The Hidden Truth About Super Mario Maker

When Super Mario Maker was initially announced for the Nintendo Wii U, I could not have been more hyped for its release.  I had dozens of ideas for levels that I was looking forward to creating.  I also was fortunate to receive a review copy of the game and had given it very positive remarks.  I feel these comments were well earned and still apply.  Almost a year later, here I am posting about this game I was so passionate about, but now I’m feeling more indifferent about it.  What could have changed?

You have probably read about that Nintendo has been taking down levels that are not popular.  At the beginning of this year, I had my first experience with a level being taken down.  The main problem with Super Mario Maker is that Nintendo is forcing players to advertise their own levels.  Levels that are not promoted have a higher risk of being taken down.  This is a bigger issue if you are a newer player to the game.  

Players with higher star counts have fewer worries since they are highlighted by Nintendo with star rankings.  This issue is that we need to put in all the legwork to get other players to play our levels.  Within the Facebook groups, I joined I have done a few star-for-star exchanges.  The problem continues to grow as time goes on, the number of courses increases.  There are now over six million courses.  Currently, there is no mechanism in place for people to easily play your level.  

The game’s slogan is “Anyone can make it.  Everyone can play it”.  In reality, not anyone can make it.  This would not be a big issue if there was a better method to advertise recently made courses.  There are recommended courses and some recently made, but this is a very small selection.  Perhaps the larger issue is the star system in place.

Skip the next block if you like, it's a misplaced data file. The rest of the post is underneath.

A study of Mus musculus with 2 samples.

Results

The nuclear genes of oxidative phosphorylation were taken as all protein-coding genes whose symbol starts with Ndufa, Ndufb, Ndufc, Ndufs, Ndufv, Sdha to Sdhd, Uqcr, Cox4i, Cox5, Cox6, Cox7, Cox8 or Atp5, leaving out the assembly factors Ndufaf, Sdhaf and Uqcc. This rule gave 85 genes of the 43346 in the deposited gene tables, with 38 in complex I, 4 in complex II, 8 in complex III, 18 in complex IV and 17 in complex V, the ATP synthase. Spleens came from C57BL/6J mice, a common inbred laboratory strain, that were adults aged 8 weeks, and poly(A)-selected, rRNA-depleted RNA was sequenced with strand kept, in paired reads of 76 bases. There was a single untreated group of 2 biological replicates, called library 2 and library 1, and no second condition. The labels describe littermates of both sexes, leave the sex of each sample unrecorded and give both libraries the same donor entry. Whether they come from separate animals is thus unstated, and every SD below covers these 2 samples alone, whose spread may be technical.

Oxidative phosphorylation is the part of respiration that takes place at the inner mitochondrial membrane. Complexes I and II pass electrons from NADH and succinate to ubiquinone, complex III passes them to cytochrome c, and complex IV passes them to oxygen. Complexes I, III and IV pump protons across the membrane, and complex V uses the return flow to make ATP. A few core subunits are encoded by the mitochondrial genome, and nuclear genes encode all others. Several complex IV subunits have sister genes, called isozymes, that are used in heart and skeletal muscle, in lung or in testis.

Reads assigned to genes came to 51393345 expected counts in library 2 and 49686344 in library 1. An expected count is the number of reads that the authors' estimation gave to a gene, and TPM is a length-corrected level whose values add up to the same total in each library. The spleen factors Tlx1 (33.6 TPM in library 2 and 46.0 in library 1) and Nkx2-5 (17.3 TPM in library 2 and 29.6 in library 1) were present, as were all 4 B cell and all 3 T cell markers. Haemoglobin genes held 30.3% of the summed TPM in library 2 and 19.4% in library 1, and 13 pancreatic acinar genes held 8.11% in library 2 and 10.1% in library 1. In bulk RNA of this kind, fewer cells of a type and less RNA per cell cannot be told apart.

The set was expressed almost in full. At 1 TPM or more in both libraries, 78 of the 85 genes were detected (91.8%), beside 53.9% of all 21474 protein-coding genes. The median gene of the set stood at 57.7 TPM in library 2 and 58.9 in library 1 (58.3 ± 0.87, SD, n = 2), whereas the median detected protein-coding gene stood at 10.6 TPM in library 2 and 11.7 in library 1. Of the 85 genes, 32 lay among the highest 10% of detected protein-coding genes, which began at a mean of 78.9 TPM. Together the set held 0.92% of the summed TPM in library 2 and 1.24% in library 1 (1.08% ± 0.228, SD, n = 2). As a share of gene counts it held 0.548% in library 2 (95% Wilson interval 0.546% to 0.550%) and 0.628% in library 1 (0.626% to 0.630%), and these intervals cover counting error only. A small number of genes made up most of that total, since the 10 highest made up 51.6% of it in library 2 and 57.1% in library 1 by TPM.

What it comes down to is a game of chance.  Since if one of the first ten players does not star the level, then this puts the level at risk to be deleted.  This is a major concern for a lot of fans since not anyone can make it.  The work to get your levels promoted is joining active Facebook groups.  The other option involves following twitch or YouTube streamers and submitting your level.  

I do not know about you, but that is a lot of extra work just to make sure your new level sticks around.  The issue may be with the players.  Many players are stingy with their stars.  It would be ideal if the levels were not removed at all.  The main thing Nintendo needs to do is to find a way to advertise all newer levels.  I’m not sure of the solution, but one thing is certain, my interest to keep designing courses has dropped as I do not have the time to promote each new level.